HIV testing consent



Background

  • With the advent of effective therapy HIV has become a much more manageable disease and is now usually considered a life-long chronic disease.
  • Having a HIV test should not lead to any adverse consequences: knowing one’s status is extremely important and beneficial if one is HIV positive and a negative test should not have any negative consequences.
  • Earlier detection of HIV leads to better outcomes for the individual and less likelihood of transmission in the population.
  • There is no longer a requirement for written consent for a HIV test. Verbal consent should still be obtained and documented in the chart (“informed consent obtained verbally for HIV test” would suffice). You cannot do a HIV test without verbal consent.

The following points should be explained to the person:

  • It is important to know one’s HIV status. There is no benefit to having HIV and not being aware of the result. Also, an earlier diagnosis of HIV is associated with a better outcome when compared to later diagnoses.
  • HIV test results are confidential; the result will go into the medical chart.
  • In the unlikely event of a positive result there are options for therapy and the expectation is that patients will do well, with minimal change to quality of life or life goals. In many cases life expectancy may not be significantly reduced if the patient tolerates the medications and takes them appropriately.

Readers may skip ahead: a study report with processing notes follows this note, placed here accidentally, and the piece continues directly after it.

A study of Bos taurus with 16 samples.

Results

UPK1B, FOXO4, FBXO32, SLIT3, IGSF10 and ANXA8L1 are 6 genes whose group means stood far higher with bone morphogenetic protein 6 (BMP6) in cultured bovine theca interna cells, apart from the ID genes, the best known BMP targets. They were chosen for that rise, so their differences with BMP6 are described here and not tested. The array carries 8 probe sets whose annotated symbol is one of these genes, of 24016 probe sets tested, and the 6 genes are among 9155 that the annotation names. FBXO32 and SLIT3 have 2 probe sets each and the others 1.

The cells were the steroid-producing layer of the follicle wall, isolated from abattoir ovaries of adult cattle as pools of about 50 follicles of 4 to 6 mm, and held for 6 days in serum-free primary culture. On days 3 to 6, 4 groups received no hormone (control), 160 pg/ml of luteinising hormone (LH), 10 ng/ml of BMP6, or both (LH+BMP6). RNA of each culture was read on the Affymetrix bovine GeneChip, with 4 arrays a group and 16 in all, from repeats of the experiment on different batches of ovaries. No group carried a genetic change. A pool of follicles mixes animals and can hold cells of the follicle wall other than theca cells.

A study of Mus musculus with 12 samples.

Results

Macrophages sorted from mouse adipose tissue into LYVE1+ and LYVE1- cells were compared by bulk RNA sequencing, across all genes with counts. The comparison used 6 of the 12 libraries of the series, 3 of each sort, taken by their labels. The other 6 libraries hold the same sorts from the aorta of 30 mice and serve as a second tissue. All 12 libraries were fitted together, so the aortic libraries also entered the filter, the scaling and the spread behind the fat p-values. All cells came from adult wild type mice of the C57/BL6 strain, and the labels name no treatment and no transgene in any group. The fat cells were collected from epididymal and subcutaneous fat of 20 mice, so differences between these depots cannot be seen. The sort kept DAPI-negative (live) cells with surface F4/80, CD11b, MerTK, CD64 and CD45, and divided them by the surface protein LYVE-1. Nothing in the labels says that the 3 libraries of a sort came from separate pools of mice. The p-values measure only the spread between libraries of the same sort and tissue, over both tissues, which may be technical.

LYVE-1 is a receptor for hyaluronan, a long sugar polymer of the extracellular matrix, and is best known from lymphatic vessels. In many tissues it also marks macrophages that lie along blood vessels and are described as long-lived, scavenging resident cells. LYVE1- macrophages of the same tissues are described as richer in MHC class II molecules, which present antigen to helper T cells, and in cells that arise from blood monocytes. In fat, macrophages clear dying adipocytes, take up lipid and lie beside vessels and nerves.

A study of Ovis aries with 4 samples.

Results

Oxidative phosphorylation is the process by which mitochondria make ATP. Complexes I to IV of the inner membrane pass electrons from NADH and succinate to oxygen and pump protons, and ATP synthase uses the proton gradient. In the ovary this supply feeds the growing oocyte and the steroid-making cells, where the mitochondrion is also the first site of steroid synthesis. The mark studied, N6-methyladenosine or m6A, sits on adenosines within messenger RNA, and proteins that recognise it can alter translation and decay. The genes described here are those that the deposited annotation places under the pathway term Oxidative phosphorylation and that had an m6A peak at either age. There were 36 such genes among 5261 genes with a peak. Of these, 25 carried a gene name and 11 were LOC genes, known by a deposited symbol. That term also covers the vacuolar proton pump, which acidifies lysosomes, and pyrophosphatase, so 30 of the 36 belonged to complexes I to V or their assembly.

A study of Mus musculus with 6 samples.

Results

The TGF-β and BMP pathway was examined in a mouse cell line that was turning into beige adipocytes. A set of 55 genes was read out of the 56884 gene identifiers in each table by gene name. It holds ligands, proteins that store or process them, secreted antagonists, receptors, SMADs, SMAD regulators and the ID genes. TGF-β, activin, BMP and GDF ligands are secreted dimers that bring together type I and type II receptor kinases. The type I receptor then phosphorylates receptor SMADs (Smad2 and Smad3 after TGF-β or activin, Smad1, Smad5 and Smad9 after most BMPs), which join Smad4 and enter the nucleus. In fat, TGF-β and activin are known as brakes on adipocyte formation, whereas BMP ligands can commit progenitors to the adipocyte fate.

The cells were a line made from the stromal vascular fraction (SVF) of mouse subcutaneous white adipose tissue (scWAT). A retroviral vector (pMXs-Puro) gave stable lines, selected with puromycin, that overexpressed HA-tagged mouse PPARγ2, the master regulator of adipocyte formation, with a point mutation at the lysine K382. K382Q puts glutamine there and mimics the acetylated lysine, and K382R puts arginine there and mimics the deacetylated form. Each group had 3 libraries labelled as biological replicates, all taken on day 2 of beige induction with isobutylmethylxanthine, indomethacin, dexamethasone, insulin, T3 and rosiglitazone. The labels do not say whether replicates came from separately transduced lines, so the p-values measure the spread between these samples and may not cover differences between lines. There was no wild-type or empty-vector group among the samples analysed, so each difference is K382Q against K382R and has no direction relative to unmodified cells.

• If the result is negative there still may be a “window-period” to take into account. This is a 3-month period of time after an exposure to HIV where the test may remain negative despite new HIV infection. A HIV test that is negative 3 months since the last risk exposure can be usually considered as a true negative test. If there are ongoing risks the patient will need at least annual testing.
  • A positive test would require a second confirmatory test (the Western Blot) before it would be considered a true positive result.
  • Main routes of transmission of HIV. Methods aimed at reducing the risk of acquisition/transmission should be discussed.

Who should get a HIV test?

Patients with identifiable risk factors for HIV acquisition, including (but not limited to):

  • Intravenous drug users and their sexual partners.
  • Patients with a history of high risk sexual encounters.
  • Patients from a country with high HIV prevalence with any risk factors.
  • Patients who have shared equipment for piercing the skin/tattooing.
  • Patients who have received blood product(s) or blood transfusion(s) in times or settings with suboptimal HIV screening procedures.
  • All patients in whom HIV infection is considered in the differential diagnosis, including (but not limited to):
    • Patients with unexplained fever, weight loss, colitis, adenopathy, cytopaenias.
    • Patients with unexplained diseases associated with immunosuppression, including tuberculosis


Content By Dr Íomhar O' Sullivan date. Last review Dr ÍOS 4/12/18.